Leading antibacterial cleaners claim to kill 99 percent of the bacteria on the surfaces where it is applied. What do you suppose happens to the other 1 percent?
Those resistant bacteria are living and multiplying, of course, creating a strain that soon those same cleaners won’t be able to kill.
Gary Moller comments:
The best way to ensure good hygiene is to scrub way the bugs mechanically. This means using soap and warm water for cleaning sufaces in the kitchen and in the bathroom. Chemical cleaners are heavily promoted and the need to scrub is all but dismissed as being unnecessary. You know the ads: The ones that demonstrate squirting a chemical into the toilet bowl and leaving it to do the dirty work.
The problem is that 1% of the bugs that survive flourish to become a super bug. This is what is happening in our hospitals where such bugs are getting out of hand.
In the case of infections of wounds the tandard treatment is to treat with chemicals and antibiotics. In the last 29 years I have met only one doctor who took the time with an infection to carefully debride and clean the wound and then dress it himself. If this is ever done, the job is handed to the nurse to do. More often than not, the wound is superficially cleaned, a dressing applied and a prescription for an antibiotic given.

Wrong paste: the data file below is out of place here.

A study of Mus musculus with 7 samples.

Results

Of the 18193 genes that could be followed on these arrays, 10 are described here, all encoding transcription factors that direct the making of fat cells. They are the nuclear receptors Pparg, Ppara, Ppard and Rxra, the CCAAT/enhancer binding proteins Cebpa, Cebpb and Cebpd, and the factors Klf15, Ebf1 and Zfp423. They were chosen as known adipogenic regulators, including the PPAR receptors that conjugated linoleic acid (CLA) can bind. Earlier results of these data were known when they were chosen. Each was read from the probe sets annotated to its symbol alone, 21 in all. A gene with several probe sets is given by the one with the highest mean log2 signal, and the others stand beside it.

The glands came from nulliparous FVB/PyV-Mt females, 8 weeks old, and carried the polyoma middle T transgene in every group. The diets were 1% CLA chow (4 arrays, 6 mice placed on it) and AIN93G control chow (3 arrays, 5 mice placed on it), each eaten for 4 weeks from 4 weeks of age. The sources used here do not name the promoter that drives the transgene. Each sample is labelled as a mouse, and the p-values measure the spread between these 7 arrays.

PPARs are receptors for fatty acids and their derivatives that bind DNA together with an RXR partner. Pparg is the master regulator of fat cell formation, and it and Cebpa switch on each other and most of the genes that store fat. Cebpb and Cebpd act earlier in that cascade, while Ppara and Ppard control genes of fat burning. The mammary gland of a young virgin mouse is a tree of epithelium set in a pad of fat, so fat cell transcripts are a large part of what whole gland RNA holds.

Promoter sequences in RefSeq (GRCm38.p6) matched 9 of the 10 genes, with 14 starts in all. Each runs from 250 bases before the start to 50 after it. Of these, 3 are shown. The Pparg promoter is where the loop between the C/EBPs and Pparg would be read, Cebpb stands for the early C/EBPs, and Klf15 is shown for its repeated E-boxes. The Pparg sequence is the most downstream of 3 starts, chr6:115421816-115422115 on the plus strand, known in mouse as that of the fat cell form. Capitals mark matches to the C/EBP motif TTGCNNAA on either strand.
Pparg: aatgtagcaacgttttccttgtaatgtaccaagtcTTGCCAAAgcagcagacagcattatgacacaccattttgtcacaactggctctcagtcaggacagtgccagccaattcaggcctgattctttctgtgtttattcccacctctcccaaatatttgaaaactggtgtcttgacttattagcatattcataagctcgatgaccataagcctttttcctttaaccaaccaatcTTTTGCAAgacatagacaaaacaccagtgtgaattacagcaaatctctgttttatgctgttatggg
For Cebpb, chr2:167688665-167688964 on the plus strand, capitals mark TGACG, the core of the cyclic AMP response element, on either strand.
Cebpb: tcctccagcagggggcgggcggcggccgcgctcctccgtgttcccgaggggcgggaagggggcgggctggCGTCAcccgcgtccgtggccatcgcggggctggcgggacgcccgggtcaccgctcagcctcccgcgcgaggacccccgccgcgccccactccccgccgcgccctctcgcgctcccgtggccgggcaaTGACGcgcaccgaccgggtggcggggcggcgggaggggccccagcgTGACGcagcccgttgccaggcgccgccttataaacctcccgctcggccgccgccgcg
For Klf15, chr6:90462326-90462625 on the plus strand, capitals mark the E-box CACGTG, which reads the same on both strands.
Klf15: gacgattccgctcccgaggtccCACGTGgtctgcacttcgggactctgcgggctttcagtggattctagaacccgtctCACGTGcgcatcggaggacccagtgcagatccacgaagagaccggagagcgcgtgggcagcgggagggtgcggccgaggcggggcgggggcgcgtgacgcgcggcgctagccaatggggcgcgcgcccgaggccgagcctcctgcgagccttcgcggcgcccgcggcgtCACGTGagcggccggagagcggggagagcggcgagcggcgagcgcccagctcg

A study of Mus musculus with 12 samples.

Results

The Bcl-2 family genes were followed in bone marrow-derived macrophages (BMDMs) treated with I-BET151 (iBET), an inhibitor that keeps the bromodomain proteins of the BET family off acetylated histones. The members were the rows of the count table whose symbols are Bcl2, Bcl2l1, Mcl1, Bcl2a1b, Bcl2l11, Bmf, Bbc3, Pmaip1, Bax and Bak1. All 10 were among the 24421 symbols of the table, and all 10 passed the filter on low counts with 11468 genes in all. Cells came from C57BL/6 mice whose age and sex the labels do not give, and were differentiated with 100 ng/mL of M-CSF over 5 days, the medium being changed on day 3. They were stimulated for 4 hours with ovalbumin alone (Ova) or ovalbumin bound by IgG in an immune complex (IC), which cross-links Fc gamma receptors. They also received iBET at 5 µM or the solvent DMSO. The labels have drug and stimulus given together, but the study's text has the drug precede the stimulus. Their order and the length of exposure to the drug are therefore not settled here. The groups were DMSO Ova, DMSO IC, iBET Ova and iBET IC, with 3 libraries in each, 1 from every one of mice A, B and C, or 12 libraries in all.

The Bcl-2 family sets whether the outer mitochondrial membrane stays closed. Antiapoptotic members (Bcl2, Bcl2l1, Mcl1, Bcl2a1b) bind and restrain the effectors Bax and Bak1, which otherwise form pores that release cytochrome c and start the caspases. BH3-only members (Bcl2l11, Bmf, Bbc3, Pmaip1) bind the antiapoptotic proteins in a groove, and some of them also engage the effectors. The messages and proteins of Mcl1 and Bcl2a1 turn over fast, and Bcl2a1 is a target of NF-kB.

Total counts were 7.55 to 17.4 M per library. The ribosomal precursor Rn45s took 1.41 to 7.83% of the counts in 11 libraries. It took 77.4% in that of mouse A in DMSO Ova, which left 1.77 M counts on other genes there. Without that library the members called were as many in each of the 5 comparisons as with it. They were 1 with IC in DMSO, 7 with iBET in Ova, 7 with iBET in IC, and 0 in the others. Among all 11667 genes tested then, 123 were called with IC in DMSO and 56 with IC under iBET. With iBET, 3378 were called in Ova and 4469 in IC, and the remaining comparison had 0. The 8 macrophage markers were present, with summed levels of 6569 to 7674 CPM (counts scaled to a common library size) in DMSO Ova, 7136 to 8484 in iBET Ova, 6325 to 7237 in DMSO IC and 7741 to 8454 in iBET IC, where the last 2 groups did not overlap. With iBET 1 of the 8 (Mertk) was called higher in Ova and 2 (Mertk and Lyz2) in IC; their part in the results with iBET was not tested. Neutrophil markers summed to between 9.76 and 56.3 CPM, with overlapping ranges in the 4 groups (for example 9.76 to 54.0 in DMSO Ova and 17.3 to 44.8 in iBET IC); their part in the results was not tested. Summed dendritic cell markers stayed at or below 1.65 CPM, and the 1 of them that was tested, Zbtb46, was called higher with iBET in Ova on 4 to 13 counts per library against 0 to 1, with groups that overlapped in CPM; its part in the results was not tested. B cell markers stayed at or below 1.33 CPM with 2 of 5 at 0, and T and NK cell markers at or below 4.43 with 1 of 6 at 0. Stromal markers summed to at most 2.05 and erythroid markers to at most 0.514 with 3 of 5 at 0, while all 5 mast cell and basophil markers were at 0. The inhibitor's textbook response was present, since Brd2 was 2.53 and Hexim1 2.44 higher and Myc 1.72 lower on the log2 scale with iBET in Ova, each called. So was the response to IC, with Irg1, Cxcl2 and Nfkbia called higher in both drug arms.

The better treatment in most cases of infection is to manually clean all the dead skin and other debris that are the food source for bugs, dress the wound with a sterile dressing and repeat the cleaning and dressing process twice a day. By removing the food source, any bacteria can not survive and the few that do are easily handled by the body's natural defences. The worst a person can do is leave a dressing on a wound for more than a day because it becomes a festering breeding ground for bugs.
The over use of antibiotics lead to sloppy hygiene practices and now that such sloppy practices are now the norm, so is the ongoing use of antibiotics.